Web Assembly, Music Synthesis, And The Beauty Of Math

The electronics hobby has changed a lot since the advent of the microprocessor. Before that — and with the lack of large-scale integrated circuits — projects in magazines tended to be either super simple or ultra complex. However, one popular type of project dealt with music synthesis. Fairly simple circuits could combine to make a complex synthesizer so it was sort of the best of both worlds. Nowadays, you are more likely to tackle a music synthesizer in software like [Tim] did when he created Abelton in Web Assembly and C++. Along the way, he learned a lot about the relationship between math and music.

[Tim] covers what he learned about the Nyquist theorem and how to keep synthesis data flowing in real time with buffers. However, there are some problems trying to do all this in a cross-browser context. The AudioWorklet class appears to have widespread support, though, and [Tim] managed to get that working.

If you ever wondered if you could use a formula to compute MIDI tones to frequency instead of a table, the answer is yes. Using emscripten allows easy compilation, but integrating into rollup.js — a JavaScript framework — was a bit of work, and you’ll find the process documented in the post.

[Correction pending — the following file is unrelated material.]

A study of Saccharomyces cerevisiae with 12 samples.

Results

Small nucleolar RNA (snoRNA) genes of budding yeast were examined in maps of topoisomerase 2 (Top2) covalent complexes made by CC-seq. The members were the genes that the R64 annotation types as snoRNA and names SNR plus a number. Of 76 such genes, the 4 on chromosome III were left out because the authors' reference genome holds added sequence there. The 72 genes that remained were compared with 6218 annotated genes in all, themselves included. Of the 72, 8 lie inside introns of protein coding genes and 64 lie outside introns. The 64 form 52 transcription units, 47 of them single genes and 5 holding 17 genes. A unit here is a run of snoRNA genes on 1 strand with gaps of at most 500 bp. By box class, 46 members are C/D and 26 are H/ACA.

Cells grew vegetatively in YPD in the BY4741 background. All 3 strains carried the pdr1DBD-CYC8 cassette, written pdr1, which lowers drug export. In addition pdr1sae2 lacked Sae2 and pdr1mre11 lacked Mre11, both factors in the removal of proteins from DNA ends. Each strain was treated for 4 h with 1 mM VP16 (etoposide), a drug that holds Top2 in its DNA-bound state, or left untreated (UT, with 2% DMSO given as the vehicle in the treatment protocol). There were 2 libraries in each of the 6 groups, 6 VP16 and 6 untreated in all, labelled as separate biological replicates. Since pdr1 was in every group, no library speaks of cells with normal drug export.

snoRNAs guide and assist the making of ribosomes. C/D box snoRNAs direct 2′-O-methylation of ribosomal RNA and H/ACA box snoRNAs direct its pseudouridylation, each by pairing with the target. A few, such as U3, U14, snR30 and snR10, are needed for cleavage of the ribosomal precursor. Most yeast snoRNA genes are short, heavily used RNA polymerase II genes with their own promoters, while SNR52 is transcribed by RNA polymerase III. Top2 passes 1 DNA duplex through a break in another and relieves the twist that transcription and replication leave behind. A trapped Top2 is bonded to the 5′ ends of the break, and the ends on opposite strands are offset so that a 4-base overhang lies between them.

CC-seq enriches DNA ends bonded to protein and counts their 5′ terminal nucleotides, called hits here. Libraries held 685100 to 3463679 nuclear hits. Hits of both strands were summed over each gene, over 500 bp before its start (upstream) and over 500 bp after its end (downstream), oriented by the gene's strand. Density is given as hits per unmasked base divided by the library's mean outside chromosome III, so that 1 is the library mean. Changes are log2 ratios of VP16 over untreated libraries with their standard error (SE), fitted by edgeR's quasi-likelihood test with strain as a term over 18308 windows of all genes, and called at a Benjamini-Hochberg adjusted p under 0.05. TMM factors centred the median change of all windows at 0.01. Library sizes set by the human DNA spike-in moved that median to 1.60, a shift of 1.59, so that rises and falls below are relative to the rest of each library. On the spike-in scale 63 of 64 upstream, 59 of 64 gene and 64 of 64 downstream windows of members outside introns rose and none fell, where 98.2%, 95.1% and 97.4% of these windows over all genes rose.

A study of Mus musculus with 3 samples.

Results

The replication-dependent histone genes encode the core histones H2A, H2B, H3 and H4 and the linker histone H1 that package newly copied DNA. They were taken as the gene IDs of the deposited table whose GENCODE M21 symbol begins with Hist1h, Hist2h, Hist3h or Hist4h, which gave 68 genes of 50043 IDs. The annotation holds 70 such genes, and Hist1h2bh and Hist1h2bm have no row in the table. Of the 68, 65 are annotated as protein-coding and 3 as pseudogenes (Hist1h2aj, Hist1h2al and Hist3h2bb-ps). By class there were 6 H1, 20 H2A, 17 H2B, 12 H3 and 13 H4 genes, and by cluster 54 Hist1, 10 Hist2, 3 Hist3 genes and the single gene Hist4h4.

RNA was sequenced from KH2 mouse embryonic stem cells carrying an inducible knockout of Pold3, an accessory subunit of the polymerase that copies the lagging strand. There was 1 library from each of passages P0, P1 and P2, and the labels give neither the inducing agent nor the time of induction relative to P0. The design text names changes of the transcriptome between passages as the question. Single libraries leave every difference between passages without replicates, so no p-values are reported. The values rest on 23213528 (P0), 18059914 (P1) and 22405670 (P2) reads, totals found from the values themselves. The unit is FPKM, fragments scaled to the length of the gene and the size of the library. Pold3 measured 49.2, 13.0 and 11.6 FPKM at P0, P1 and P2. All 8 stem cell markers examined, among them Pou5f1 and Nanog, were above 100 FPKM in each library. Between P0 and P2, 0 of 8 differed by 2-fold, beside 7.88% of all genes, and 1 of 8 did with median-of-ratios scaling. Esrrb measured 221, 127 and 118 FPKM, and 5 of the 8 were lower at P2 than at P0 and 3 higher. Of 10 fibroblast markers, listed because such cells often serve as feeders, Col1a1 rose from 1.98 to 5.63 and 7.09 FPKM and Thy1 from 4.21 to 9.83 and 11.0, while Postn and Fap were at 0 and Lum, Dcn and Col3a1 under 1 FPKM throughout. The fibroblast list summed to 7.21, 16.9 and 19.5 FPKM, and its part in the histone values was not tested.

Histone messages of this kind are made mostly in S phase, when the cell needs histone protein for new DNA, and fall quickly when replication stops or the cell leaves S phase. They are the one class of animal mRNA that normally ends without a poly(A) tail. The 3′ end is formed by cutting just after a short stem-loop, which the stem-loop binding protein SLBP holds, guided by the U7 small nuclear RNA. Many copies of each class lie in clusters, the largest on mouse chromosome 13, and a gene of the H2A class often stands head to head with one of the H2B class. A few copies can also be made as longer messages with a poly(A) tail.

If you want to know more about WebAssembly, check out our earlier post. We’ve seen emscripten do interesting things on the Web before, too.

9 thoughts on “Web Assembly, Music Synthesis, And The Beauty Of Math

  1. And nobody complained that the complicated projects were too hard. They dud want simoke projects, but they didn’t say “let’s not see complicated projects until some device can be invented that does it all”.

    So people wrote about complicated subjects like under under the noise reception and building a converter to receive an early satellite. Or build a computer from discrete components. If you didn’t build it, you coukd still learn from the article.

    And yes, you could use 555s in music synthesizers, in the VCO and and envelope generator. And opamps for much of the rest.

    1. I literally read it to see if my memory was wrong and he actually “created Abelton(sic)”, but no, just a synth. Still super cool, but the write-up creates a let-down. Maybe Al hasn’t heard of Ableton Live.

    2. Maybe Tim created a replica of Ableton products with “Abelton” branding? Like “Sonny” and “Luis Viutton”?

      (It’s almost a pet peeve of mine on product names like “VCV” for Rack and “Ableton” for Live.)

  2. Without watching the video I read …building AN Ableton Live synth… Some small words have impact. Just one of many builds.

    I use ZynAddSubFX, free and just a synth not a workstation world unto itself.

  3. Whilst I admire the journey he went through and the way he documented it, it might lead the you to imagine that it is necessary. Most synths are made up of a chain of components to create the sound you want. The built in BaseAudioContext contains a great set of tools (oscillators, filters, timing, shaping) which would allow you to build a quite sophisticated synth with a fraction of the effort.